Making paint dry
September 1, 2012 § 2 Comments
The house was painted excrement brown, with darker trim. That may be one of the reasons why, in the booming Seattle housing market of 1999, it had been on the market for a month. And the paint faux pas didn’t end with the exterior; the smallest bedroom was painted a deep gray (Battleship gray? In Seattle? Or anywhere other than a battleship?), and the dining room had pastel blue walls and a pink ceiling.
We bought the house anyway. Despite the colors, and a bit of bad remodeling, the house had good bones.
When we moved in, we found in our basement a stack of half-empty paint cans, the remnants of all the bad color choices the previous owner had made. Those cans had to go. We learned that Seattle residents could take their excess latex paint to a city hazardous waste drop-off; the city blended the lighter colors together and sold the paint to institutions as “Seattle beige.” So that’s what we did.
And then we repainted. We used three colors on the exterior. The walls of each room are painted a different color, and there are two ceiling and interior trim colors. Of course, it took a few sample quarts to get some of the colors right. We bought a lot of paint, and didn’t use all of it.
When I started unstuffing our basement, I gathered paint cans from a couple of dark corners. I remembered that we’d moved some paint to an old cabinet in our garage, so I pulled those cans out, too.
And then I counted. All told, there were 31 quart cans, 39 1-gallon cans, and six 5-gallon cans. More than a dozen were empty. Several had never been opened. Most were 1/4 to 1/2 full. Sadly, much of the paint stored in our unheated garage for several years was ruined — some of it oddly lumpy and smelly. Temperature extremes aren’t good for paint.
(Let me pause to say that these numbers were startling. And embarrassing. Most of the unstuffing I’ve done has been of items whose utility doesn’t change over time. My having held onto them for longer than necessary didn’t change whether they were trash or treasure-for-someone-else. But, like shelf-stable foodstuffs, paint eventually goes bad. We had a lot of bad paint. Such a waste.)
I was set to deliver a car full of paint cans to the city drop-off, but surprise! Seattle no longer takes back latex paint. Current research shows that dried latex paint is not hazardous; the city now requests that you dry out the paint, either by leaving the can open so it dries naturally, or by mixing in clay cat litter or paint hardener. The dried paint can then go in the trash.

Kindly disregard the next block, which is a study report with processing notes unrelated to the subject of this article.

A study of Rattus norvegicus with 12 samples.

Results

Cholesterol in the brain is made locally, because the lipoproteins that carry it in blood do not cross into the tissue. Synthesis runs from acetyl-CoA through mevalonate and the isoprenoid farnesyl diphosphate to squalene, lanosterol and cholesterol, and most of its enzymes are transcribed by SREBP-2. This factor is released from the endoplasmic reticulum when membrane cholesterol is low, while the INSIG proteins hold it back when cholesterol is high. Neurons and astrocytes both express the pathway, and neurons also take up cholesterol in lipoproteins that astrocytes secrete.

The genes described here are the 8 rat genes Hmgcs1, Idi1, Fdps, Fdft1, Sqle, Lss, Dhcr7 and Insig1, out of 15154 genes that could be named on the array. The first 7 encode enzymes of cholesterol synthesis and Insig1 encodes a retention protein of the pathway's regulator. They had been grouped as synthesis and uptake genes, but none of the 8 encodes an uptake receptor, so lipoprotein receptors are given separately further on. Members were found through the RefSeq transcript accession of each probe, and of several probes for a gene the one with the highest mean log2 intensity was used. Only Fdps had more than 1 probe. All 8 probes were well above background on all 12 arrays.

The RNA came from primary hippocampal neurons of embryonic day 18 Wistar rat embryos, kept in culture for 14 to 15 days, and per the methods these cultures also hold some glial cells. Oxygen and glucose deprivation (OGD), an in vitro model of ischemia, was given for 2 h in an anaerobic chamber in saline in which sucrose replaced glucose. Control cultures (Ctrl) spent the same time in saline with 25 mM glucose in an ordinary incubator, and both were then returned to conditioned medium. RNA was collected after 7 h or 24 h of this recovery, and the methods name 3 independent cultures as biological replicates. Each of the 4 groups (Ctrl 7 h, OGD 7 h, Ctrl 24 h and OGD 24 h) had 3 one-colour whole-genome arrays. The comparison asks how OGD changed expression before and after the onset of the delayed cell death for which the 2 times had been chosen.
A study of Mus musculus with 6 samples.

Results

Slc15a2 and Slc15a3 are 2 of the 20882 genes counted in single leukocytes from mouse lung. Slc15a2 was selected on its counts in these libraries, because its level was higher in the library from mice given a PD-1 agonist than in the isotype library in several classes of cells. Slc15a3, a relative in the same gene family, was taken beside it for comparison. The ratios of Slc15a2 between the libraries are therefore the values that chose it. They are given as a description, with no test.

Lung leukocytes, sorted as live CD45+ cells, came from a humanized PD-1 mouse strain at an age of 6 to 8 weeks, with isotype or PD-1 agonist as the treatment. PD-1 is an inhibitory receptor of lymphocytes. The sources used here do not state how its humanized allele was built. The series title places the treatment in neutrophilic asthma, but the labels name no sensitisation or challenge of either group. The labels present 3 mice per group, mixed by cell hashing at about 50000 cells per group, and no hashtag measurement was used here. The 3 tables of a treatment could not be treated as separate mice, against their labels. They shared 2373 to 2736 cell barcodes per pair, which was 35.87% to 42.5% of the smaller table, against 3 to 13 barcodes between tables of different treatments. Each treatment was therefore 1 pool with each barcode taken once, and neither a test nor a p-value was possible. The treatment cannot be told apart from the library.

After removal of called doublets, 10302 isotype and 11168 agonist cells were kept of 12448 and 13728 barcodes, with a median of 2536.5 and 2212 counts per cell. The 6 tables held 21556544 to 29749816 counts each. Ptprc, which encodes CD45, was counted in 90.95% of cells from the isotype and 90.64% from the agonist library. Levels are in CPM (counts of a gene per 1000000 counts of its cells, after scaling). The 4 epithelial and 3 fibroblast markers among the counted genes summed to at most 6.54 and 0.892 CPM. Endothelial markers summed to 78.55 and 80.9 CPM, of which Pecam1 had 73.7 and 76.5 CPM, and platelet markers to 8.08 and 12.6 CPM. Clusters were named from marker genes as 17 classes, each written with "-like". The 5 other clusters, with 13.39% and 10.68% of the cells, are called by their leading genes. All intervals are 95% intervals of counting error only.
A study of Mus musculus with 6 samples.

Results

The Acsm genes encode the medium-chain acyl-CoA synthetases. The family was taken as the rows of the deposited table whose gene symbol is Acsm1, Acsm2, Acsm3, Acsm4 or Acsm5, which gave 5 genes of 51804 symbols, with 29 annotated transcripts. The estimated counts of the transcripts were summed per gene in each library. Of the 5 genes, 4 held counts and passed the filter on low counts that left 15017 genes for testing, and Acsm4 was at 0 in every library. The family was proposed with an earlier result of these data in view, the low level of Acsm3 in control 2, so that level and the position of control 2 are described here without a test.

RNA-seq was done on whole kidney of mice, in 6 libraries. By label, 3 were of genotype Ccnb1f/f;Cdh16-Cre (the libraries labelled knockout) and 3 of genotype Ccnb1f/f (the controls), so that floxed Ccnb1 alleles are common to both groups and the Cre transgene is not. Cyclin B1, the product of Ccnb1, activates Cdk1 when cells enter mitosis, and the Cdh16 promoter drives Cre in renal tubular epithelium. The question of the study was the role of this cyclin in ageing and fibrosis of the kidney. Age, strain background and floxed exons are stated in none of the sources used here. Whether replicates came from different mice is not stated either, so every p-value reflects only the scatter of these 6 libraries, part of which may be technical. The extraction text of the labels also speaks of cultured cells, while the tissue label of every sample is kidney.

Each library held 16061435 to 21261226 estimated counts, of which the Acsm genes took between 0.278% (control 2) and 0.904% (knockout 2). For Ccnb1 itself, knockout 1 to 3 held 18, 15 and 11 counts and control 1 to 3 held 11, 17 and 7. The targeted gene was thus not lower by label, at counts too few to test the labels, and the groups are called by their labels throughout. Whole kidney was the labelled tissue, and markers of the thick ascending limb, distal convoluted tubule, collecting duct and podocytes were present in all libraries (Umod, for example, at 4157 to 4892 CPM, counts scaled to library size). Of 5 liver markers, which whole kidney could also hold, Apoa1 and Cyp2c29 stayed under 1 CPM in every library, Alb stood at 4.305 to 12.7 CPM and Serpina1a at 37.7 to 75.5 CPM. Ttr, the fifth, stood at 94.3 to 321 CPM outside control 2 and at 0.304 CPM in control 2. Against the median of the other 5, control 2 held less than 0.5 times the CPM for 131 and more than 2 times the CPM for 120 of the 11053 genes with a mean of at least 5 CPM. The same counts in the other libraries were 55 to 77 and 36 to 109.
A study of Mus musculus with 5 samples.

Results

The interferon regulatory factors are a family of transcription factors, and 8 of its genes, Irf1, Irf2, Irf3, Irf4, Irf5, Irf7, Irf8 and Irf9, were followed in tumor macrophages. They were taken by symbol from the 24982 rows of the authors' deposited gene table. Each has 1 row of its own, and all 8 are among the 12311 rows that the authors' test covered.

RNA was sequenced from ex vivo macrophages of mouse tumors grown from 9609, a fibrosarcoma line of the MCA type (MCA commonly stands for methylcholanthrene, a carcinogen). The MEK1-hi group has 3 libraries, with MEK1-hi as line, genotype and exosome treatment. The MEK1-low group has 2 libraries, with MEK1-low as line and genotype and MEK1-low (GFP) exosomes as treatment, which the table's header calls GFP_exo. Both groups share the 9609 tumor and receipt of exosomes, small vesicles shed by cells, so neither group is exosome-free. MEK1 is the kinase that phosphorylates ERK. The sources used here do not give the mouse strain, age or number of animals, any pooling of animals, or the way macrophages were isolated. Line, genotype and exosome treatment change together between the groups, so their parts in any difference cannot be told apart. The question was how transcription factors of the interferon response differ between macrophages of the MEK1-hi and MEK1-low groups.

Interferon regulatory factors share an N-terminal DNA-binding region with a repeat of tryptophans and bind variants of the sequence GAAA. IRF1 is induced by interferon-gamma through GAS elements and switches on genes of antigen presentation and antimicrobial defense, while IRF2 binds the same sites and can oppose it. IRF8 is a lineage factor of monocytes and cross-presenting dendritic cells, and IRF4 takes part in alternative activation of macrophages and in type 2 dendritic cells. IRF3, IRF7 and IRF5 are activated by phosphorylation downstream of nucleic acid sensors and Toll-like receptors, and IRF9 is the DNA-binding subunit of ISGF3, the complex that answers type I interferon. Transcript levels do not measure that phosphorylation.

Several big bags of kitty litter and a handful of stir sticks later, I’ve dried out the paint remaining in 18 quart cans, 17 1-gallon cans, and 3 5-gallon cans. I don’t understand why we had so many empty paint cans, but they did come in handy for the drying-out process. I still have 13 quarts and 5 gallons to go.
(One of Paul’s coworkers shared the method he uses to dry out paint: Pour a thin layer of paint in a Rubbermaid or similar container. When it has dried, pull the paint slab out of the container (it won’t stick), roll it up, and put it in the trash. The let it dry, then peal it up approach worked pretty well when one of the old paint cans leaked a puddle of paint onto our driveway, so I’m going to try it in plastic this weekend.)
I’ve freecycled one full 5-gallon can of exterior paint (a trim color that didn’t work with our main color).
We have 3 1-gallon cans from oil-based paints that will go to the King County hazardous materials drop-off next week.
In total, that’s 59 paint cans gone or going soon.
And, in a corner of the basement, there are 14 1-gallon cans and 3 5-gallon cans of interior paint and primer. All are colors currently on the walls/ceilings of our house, and we have some painting to do this fall, so at least for now, they get to stay.